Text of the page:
Coffs Harbour residents have been scrambling to save a rare green turtle nest at a local beach that is under threat of being destroyed by a massive king tide.
National Parks and Wildlife Service (NPWS) rangers joined residents at Boambee beach in a race to protect the site from the fast-rising water levels inundating the beach.
The group began digging ditches and sandbagging the nest in order to keep it dry.
“My mother is 85 and she’s lived here all her life and has never known of a turtle to nest on this beach,” one said.
“I’m doing everything I can to make sure these eggs survive.”
The crew managed to keep the nest intact, despite sea water flooding across the surrounding beach.
Endangered turtle spotted by chance
Last week an early morning fisherman followed tracks from the ocean towards the dunes when he saw an endangered green turtle laying a clutch of about 100 eggs, in what is one of the first nests to be recorded on that coastline.
“It was such a surprise to find the turtle tracks, which looked like someone had rolled a large tractor tyre up the beach,” Mick Phillips said.
“The real pleasure however was to see the turtle lay its eggs, cover the nest with sand then make its way safely back into the ocean.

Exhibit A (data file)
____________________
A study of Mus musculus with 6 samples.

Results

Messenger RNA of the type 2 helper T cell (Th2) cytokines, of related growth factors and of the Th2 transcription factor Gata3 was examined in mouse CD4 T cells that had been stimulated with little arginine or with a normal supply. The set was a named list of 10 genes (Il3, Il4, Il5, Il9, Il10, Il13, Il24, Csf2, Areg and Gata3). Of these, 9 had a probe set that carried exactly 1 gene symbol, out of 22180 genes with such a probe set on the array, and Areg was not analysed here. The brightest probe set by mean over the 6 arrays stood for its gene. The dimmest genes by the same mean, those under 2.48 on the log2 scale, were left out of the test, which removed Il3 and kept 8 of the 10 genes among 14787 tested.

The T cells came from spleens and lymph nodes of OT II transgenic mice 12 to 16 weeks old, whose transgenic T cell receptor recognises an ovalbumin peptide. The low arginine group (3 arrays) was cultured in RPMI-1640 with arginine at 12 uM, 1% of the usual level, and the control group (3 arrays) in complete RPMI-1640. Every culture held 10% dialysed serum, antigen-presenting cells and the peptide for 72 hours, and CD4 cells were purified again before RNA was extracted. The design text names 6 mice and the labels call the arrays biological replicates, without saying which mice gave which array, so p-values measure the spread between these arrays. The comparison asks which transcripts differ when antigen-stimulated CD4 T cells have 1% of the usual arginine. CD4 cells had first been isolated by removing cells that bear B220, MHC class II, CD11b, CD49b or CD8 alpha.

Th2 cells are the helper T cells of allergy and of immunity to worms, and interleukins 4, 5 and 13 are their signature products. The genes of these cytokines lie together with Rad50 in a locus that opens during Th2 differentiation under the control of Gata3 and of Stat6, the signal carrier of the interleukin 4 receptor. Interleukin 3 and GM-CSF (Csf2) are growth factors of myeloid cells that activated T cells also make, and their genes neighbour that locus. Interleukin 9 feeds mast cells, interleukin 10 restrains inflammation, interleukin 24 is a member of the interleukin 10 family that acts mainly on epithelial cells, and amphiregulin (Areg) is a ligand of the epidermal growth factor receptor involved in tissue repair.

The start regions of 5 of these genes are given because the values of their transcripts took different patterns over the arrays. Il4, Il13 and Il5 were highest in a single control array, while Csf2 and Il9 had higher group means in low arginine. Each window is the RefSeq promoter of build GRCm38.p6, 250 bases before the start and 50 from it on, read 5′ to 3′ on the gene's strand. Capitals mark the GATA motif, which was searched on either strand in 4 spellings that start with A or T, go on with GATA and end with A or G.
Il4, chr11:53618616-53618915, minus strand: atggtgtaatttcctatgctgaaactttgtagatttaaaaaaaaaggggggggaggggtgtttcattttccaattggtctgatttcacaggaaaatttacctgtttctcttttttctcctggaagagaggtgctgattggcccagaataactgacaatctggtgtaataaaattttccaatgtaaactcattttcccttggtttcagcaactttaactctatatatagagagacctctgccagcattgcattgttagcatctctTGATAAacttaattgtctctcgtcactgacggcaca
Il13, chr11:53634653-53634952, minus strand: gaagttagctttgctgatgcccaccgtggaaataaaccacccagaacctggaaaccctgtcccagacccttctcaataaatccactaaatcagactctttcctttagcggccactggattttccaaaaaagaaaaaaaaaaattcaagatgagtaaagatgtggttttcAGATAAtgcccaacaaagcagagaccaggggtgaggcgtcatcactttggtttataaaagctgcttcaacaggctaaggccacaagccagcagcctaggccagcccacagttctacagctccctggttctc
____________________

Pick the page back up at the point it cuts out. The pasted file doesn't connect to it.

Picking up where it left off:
“I am really glad to be able to say, this was one that got away.”
NPWS ranger Anne Walton said green and loggerhead turtles were on the brink of extinction in New South Wales.
She said it was unusual and exciting to have a nest so close to Coffs Harbour.
“They can lay several clutches in a breeding season and the mother could even return within a fortnight,” Ms Walton said.
“It’s worth people keeping an eye out because she could come back and lay another nest.”
Rangers are expecting the nest will remain vulnerable to strong winds and damaging surf conditions hitting the coastline over the next several days.
Eggs laid on a four-wheel-drive beach
However, the clutch of rare eggs has more than the massive king tides to contend with, as the mother also happened to lay her eggs in the middle of a popular four-wheel-drive beach where locals are also allowed to run their dogs off leash.
“People using Boambee Beach, especially four-wheel-drive users and dog owners, are asked to keep away from the nest site,” Ms Walton said.
“The area has been fenced off and will remain fenced until the eggs hatch.”
NPWS said it was fortunate the turtle was seen laying its eggs, because rangers could better estimate when they might hatch, but there were still a number of variables.
“Sand temperatures are cooler than Queensland. Based on their studies it’s about 70 days, which would put it to Easter,” Ms Walton said.
“But I would expect we could be looking between the end of March and May.”